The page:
From your Bariatric Nutrition Team

Summertime is vacation time for many people, and even the most mindful eaters can be challenged when trying to follow a healthy diet while traveling.

When we travel, our environment changes. That means our habits can change too. Many things can throw us off balance – time zone changes, food availability, new and exciting food choices. Airport layovers can be an opportunity to grab something to eat, and then you may be offered more food on the plane. Traveling by car can expose you to numerous fast food and chain restaurants where healthy options may be limited. Don’t let your impulses or unfamiliar surroundings get the better of you.

Think about what you can do to maintain good habits while you are away from home. Here’s how you can increase your chances of making smart choices:

  • Before eating, check in with yourself to see if you are truly hungry. Avoid eating out of boredom. Determine if you are just thirsty. Dehydration can mask itself as hunger. Try starting with water or a low-calorie beverage.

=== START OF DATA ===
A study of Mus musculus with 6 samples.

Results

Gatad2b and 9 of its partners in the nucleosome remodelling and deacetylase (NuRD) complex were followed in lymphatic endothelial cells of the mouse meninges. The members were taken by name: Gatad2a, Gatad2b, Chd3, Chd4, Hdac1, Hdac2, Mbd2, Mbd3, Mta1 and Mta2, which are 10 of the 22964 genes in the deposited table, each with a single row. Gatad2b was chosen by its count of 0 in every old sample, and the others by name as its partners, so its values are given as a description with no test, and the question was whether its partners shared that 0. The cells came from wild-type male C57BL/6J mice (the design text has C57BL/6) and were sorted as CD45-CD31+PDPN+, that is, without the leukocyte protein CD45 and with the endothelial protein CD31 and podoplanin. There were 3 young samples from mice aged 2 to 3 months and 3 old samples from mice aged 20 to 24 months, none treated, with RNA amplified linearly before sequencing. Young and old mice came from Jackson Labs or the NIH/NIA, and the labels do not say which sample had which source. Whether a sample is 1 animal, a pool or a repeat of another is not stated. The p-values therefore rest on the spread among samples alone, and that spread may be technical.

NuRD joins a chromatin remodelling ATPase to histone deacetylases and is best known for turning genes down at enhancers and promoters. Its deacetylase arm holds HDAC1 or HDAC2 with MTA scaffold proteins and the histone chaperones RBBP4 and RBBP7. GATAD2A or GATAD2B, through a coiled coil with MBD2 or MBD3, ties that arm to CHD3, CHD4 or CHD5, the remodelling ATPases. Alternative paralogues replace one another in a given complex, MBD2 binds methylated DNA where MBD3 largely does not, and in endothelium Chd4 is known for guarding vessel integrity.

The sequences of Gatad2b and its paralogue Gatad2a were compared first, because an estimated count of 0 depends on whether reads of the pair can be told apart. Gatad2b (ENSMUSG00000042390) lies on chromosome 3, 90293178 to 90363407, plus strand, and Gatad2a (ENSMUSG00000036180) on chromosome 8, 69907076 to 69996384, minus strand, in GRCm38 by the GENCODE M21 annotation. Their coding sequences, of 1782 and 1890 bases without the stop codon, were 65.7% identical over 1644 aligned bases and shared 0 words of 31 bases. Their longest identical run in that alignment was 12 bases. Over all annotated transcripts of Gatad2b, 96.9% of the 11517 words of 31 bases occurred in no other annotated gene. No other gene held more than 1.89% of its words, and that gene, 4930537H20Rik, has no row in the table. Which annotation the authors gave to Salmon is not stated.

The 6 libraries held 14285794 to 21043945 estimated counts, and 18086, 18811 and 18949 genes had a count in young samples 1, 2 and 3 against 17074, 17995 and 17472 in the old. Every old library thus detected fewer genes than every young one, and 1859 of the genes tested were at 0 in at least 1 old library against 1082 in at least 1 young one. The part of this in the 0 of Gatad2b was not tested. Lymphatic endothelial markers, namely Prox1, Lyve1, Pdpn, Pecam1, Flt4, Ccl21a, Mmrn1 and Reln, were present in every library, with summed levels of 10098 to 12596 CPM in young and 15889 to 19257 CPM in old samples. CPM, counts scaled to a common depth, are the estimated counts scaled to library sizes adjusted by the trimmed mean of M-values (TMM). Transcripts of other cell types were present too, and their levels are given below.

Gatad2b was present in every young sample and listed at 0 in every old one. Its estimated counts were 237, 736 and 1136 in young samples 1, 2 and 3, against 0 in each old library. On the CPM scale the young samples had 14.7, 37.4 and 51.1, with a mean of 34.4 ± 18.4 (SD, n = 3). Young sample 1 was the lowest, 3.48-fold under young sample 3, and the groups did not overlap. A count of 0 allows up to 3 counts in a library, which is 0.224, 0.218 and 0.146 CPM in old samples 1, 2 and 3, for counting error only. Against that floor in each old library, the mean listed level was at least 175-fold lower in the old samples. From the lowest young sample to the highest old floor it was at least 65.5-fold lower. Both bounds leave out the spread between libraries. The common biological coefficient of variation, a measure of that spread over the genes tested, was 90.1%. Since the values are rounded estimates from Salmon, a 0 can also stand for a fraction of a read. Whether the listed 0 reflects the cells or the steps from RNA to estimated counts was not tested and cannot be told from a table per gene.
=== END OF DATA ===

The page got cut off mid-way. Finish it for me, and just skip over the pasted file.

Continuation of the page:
• Walk around while waiting for your flight to avoid the temptation of eating just to pass the time. Make sure you have good reading material with you or do crossword puzzles.
  • Take time when eating to notice your surroundings. Focus on enjoying the people you are traveling with. Don’t feel that you must finish what is on your plate.Give yourself a chance to notice if you feel full before your plate is empty.
  • Share a meal with someone or order smaller portions. Remember to eat your protein first, fruits and veggies next and carbohydrates last.
  • Try to plan for where you will be eating. Seek out places with healthy options to help avoid unhealthy temptations.
  • Avoid liquid calories. Smoothies and cocktails can be deceivingly high in sugar and calories.
  • You may have a lot of down time when you travel. Think about this before you travel to plan on how to fill the time. Plan activities and look for places you can walk to and explore. Learn about the people, places, and culture – not just the food.